Hayden cruises through his hearings.

Hayden cruises through his hearings.

Hayden cruises through his hearings.

A summary of what's in the major U.S. newspapers.
May 19 2006 3:19 AM


Hayden did take a few swipes during his testimony. "You get a lot more authority when the workforce doesn't think it's amateur hour on the top floor," he said in not-so-veiled reference to since-disappeared CIA chief Porter Goss.


The Washington Postand, as it happens, a NYT editorial both notice that Hayden—as the Post puts it—suggested the NSA's domestic snooping "may go beyond what is publicly known."

Slate's Emily Bazelon says Hayden made clear he is "a fan of review, as long as it stays in-house."

The Los Angeles Timesand WPfront the Senate voting to make English the "national language." The amendment to the immigration bill is mostly symbolic, since it doesn't overturn current laws or regulations. It has had one effect already: It's ticking off immigrant-rights groups, who are increasingly unhappy with the amendments being added to the immigration bill. "This is devastating," said one Latino activist. "For us, this is a tough issue to bring back to the community."


Four GIs were killed by a roadside bomb outside Baghdad. About 20 Iraqis were killed in assorted other attacks. The Post also flags a "growing, lethal power struggle" between Shiite groups. In Najaf, the head of Moqtada al-Sadr's militia "was shot dead by police allied with a rival Shiite party."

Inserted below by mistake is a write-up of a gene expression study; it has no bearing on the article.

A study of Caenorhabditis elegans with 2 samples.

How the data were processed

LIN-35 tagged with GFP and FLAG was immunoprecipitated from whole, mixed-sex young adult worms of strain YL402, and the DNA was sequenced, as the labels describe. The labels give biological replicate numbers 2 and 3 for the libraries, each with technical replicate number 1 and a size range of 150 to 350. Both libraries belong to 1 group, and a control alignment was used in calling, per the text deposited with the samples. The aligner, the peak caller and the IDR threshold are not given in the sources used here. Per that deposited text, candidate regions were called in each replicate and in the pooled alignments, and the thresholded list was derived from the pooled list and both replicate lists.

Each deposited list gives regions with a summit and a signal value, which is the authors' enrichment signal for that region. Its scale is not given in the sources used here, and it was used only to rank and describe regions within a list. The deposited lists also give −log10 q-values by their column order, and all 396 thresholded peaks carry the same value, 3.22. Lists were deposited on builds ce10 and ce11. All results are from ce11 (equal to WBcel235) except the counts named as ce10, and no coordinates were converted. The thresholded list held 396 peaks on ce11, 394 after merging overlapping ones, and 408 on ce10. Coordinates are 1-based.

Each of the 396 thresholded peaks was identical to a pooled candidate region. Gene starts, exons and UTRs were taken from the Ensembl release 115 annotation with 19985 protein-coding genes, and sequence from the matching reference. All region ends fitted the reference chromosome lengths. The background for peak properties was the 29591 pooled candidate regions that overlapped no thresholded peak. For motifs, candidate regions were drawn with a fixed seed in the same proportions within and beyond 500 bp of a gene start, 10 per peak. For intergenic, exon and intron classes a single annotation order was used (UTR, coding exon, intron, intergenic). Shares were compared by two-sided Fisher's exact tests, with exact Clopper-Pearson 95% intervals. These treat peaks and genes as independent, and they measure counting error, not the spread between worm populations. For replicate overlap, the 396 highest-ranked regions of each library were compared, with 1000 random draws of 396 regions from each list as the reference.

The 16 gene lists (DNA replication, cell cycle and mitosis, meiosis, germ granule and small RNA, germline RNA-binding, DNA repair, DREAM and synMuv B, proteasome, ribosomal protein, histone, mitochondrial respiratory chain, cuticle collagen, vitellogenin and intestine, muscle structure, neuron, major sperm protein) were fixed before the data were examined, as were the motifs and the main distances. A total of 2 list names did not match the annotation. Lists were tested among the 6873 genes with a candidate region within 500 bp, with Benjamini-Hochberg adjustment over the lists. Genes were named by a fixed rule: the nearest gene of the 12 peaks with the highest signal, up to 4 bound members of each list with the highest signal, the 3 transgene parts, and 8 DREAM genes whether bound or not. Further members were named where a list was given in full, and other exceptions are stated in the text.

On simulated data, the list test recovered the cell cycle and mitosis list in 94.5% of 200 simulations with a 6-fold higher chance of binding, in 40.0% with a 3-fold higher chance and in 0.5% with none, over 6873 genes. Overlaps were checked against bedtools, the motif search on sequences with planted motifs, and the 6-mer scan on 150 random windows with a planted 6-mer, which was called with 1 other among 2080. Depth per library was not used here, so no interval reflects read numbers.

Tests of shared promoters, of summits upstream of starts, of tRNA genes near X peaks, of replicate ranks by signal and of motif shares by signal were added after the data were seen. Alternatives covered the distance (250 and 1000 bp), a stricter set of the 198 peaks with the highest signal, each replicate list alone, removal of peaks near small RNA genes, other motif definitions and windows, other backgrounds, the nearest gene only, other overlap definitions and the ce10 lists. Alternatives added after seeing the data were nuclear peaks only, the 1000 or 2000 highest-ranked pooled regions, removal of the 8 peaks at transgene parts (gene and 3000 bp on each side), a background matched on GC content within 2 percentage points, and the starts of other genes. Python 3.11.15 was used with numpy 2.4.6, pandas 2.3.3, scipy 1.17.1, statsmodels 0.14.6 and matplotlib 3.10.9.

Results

The NYT has a front-page feature on the increasing flow of middle-class Iraqis emigrating. It's a hard trend to quantify—1.85 million Iraqis have requested new passports in the last 10 months, whatever that means exactly. But the sentiment is clear. "Now I am isolated," said one middle-class Sunni. "I have no government. I have no protection from the government. Anyone can come to my house, take me, kill me and throw me in the trash."

The Times piece also has this remarkable (if accurate) stat, cited to a deputy mayor: "312 trash workers have been killed in Baghdad in the past six months."


The WP alone fronts the latest from Egypt, where police beat dozens of pro-democracy protesters and a court sentenced a leading activist to five years in jail on trumped-up charges. "The charade is over," said one analyst. "Egypt is going back to an earlier period of repression." The State Department condemned the moves. But as the WP notes, President Bush also just secretly hosted Egyptian leader Hosni Mubarak's son, the country's heir apparent.

The NYT fronts the House voting to cancel royalty discounts for oil companies drilling offshore. Eighty-five Republicans supported the bill. But GOP House leaders tried to quash it. The Senate still needs to vote on a similar bill.

A WP editorial revisits one of the provisions to the immigration bill that's often celebrated, the guest-worker plan:

It would be unfair and unprecedented to create a visa that bars its holders from obtaining American citizenship, ever. It is true that many potential workers would, polls show, welcome a chance to work here for a few years and then go home. But those who do integrate and aspire to citizenship must be allowed to retain that hope. Certainly it is fair to require them to learn English, be employed, pass a civics test. But deny them even a chance at citizenship, and you have the makings of a permanent underclass.